Who Let 'Witness' Happen?
    • WEDNESDAY, JUNE 14, 2017

    • Posted by: Meredith Nardino



    Katy Perry thinks she's woke now and she won't stop until you congratulate her. The former gospel singer turned international pop sensation apparently took Kylie Jenner's words to heart and made this the year of realizing stuff. Perry's fourth album Witness focuses on the singer's attempt to make pop music serve a purpose, but ultimately falls short of any groundbreaking revelations.

    If you read Perry's description of her cultural awakening, you could already tell this was not going to end well. She spoke with Entertainment Tonight before the album's release, stating "my education and my consciousness comes from my voice, and that's how I see, and that's how I witness you and that's how you witness me."

    There's a lot to unpack here. Perry spent much of last year campaigning alongside Hillary Clinton and recently spoke with Black Lives Matter activist Deray McKesson about white privilege. She's made efforts to investigate the issue of unequal representation in the industry, openly claimed the title of feminist, and accepted her many insensitive mistakes of cultural appropriation. But the pop star's supposed new perspective is about as weak and confusing as that statement above.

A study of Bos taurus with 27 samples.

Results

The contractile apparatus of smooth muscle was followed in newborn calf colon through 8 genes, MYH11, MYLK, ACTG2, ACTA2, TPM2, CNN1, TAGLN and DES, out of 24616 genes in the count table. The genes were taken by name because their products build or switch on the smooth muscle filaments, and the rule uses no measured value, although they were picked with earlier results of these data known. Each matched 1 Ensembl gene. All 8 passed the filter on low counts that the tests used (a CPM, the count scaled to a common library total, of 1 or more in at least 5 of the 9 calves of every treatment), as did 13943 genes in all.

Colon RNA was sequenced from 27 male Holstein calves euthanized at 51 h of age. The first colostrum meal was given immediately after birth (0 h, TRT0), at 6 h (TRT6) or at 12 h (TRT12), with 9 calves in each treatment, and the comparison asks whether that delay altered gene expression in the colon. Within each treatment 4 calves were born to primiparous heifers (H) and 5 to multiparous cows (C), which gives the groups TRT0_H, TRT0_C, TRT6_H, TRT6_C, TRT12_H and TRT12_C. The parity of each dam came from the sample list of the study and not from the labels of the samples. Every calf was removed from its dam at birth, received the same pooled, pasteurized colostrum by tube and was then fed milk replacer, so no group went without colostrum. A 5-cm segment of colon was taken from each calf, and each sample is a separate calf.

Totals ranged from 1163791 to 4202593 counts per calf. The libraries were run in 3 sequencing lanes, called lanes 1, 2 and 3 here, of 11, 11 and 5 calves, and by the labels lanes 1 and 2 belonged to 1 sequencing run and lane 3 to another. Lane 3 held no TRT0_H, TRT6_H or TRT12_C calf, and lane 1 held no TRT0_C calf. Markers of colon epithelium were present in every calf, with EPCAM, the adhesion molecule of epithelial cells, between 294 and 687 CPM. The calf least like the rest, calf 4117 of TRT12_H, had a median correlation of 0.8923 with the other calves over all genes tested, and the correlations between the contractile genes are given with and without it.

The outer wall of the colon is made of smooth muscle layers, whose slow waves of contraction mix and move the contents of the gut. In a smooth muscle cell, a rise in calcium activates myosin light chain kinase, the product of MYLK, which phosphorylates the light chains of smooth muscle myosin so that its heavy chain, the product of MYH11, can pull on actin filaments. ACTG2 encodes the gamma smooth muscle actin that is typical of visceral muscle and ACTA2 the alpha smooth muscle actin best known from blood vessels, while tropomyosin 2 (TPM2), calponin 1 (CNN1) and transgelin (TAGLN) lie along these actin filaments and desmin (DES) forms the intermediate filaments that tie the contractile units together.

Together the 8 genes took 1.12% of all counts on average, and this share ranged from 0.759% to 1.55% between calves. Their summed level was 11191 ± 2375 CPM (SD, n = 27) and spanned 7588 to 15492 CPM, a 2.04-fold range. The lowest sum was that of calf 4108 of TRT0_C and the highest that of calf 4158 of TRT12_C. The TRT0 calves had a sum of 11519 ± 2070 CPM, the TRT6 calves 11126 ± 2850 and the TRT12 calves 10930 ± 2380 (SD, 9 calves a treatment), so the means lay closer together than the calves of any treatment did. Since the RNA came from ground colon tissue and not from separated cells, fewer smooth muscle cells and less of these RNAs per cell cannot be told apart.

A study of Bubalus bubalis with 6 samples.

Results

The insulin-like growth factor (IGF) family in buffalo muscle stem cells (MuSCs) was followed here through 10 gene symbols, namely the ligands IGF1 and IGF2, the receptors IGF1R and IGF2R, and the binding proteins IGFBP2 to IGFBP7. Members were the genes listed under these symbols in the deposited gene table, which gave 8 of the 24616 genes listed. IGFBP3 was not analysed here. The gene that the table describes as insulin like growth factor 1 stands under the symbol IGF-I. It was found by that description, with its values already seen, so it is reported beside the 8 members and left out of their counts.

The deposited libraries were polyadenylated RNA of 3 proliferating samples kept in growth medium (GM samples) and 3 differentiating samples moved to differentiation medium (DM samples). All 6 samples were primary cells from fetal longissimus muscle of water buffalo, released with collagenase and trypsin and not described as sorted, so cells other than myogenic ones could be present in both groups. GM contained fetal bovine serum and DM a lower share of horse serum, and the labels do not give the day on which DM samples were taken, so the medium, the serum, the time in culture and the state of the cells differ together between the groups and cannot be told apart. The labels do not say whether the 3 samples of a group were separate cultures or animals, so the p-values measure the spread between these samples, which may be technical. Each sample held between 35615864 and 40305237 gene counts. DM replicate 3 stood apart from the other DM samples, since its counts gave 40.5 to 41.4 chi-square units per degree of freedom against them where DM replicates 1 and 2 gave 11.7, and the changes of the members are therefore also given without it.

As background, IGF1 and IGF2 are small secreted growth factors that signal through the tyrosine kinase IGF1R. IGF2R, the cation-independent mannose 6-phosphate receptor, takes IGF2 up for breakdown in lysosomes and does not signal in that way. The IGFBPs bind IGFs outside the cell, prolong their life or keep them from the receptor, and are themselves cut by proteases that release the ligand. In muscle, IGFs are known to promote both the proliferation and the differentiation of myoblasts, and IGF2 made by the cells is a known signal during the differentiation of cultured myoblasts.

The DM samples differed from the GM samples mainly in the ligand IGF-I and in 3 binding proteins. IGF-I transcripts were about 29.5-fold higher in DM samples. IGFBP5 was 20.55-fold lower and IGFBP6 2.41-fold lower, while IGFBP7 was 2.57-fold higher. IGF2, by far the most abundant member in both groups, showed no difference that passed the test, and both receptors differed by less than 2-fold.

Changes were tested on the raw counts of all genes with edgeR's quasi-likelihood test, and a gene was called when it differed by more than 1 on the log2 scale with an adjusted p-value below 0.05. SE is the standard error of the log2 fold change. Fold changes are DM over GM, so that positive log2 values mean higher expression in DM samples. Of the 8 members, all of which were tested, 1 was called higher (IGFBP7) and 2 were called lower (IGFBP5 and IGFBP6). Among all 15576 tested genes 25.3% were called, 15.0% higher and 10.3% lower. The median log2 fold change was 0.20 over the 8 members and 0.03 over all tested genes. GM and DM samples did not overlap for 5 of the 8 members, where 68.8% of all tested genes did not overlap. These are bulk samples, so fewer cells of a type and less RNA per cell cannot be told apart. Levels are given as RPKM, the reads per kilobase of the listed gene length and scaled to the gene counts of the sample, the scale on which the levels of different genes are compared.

Since the beginning of her career in 2009, Perry has tried to be edgy while still making bubblegum pop that consistently dominates the charts. Witness was intended to be her declaration of liberation, both artistically and personally. There are brief flashes of potential on the record, but these moments are overpowered by cringeworthy attempts to be insightful. For every feeble political statement like "Chained to the Rhythm" and "Power," there's a ridiculous pop ballad like the tragic tale about bravely deciding to save a message as a draft, aptly titled "Save as Draft."

    Witness consists of only 15 of the 40 songs Perry wrote while on the seemingly never ending Prismatic World Tour. So we can only assume the 25 rejects were somehow even worse than what made the final cut, which is genuinely appalling. We can all laugh at the deliciously petty diss track "Swish Swish" and the fact that "karate chopping the cliches and norms" is a lyric that actually exists, but Perry's failed attempt to be an advocate for activism is a desperate grasp for relevance.

    Sufjan Stevens said it best: "LORD JESUS HAVE MERCY."